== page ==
Sometimes you find love in the most unexpected of places…
This is not one of those times.
Everyone expects Billie Bridgerton to marry one of the Rokesby brothers. The two families have been neighbors for centuries, and as a child the tomboyish Billie ran wild with Edward and Andrew. Either one would make a perfect husband… someday.
Sometimes you fall in love with exactly the person you think you should…
There is only one Rokesby Billie absolutely cannot tolerate, and that is George. He may be the eldest and heir to the earldom, but he’s arrogant, annoying, and she’s absolutely certain he detests her. Which is perfectly convenient, as she can’t stand the sight of him, either.
But sometimes fate has a wicked sense of humor…
Because when Billie and George are quite literally thrown together, a whole new sort of sparks begins to fly. And when these lifelong adversaries finally kiss, they just might discover that the one person they can’t abide is the one person they can’t live without…
Publisher and Release Date: Avon, April 2016
Place and Time: England, 1779
Genre: Historical Romance
Heat Level: 2
Reviewer Rating: 3.5 stars
Review by Wendy
It’s really nice to see the Bridgertons back again in this first of Julia Quinn’s Rokesby series – after all they’re like old friends to most of us. And at first glance, she’s picked up where she left off, with her witty and sparkling dialogue, strong and independent heroine and handsome, honourable hero.
Billie Bridgerton is twenty-three, unwed and always getting into scrapes. Her nearest neighbours, who just happen to be her family’s oldest and dearest friends, also have three sons of marriageable age and although it’s never said outright, Billie is more or less expected to end up with one of the younger Rokesby brothers. As well as being the wish of both mothers, Billie, too, has always assumed that this would be the case, and she’s happy enough not to have to put herself out too much. Edward and Andrew, along with their sister Mary, had been her playmates when they were all children and they are all still very close. There’s another brother, George, Viscount Kennard – the heir to his father’s earldom – but Billie and George don’t really get on. He’s a few years older, he’s stuffy and – well he’s just not in the equation!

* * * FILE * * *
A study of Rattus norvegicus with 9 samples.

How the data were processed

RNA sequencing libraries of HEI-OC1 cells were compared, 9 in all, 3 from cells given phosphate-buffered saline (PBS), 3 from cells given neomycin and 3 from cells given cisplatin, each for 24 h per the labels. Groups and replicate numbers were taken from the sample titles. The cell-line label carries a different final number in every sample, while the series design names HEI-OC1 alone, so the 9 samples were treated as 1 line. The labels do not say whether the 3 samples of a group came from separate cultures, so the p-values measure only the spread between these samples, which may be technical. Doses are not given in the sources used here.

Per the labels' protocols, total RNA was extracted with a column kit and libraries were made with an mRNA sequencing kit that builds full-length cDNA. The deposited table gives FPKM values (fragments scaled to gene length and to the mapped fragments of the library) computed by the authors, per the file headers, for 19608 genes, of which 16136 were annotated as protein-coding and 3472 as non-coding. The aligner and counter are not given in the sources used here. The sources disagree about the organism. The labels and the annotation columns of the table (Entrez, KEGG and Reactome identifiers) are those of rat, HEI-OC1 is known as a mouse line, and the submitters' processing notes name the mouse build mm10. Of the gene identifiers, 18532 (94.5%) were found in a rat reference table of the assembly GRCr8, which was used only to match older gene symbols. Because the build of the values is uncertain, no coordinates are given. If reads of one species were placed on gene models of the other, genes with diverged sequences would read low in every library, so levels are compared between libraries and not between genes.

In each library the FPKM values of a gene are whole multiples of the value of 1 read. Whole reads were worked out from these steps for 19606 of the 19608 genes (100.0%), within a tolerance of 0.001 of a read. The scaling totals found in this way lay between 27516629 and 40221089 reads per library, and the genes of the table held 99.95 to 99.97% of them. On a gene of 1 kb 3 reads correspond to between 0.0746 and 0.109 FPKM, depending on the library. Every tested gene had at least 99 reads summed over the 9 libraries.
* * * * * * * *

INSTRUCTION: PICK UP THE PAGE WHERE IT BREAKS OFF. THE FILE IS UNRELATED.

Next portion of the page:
Except, of course, for when he is.
In her usual gung-ho manner, Billie has climbed a tree in pursuit of a cat which needs saving – the problem being that said cat doesn’t want to be saved and Billie ends up stuck on a roof with a badly sprained ankle and no way of returning to terra firma. Until, that is, the last man in the world she wants to see her in such a situation turns up and offers to help. George Rokesby finds a ladder, climbs up to rescue his reckless neighbour – but the evil cat does for him too! The ladder ends up on the ground and George AND Billie are stranded on the roof together with no obvious way down and evening approaching. Eventually, Andrew – who is home on leave from the Royal Navy due to a broken arm – happens along in the nick of time and they reach the ground safely. Their sojourn on the roof is probably is the most time the two hapless good Samaritans have ever spent in each other’s company, let alone actually conversed; but the seed is sown and after George carries Billie all the way home – well the rest is a foregone conclusion. Eventually.
George and Billie are both likeable characters, but have their own insecurities to deal with which round them out and make them more than just a ‘nice’, attractive pair. George feels useless because his brothers are serving their country and he is stuck at home, and Billie, while strong-willed and witty, dislikes the idea of being out of her comfort zone where she is known and everyone forgives her eccentricities. She’s been one of the lads for so long that even her parents take her for granted; the only person who truly sees her is George.
There’s a half-hearted attempt to inject some angst into the story which I won’t go into other than to say that it isn’t particularly successful, but really, the novel is about how George and Billie discover ways in which to come to terms with their lot in life through their new found love for each other. It’s a nicely written, pretty much angst free, sweet little love story and I enjoyed it. It pressed all the feel-good buttons but didn’t make me lose any sleep. In true Julia Quinn fashion, there is some nice, witty, and at times, funny, dialogue – although in fact there was a point at which I felt there was TOO MUCH dialogue. But on the whole, Because of Miss Bridgerton is a nice start to the series, which, judging by the name, will be about George’s brothers finding true love. I shall look forward to them.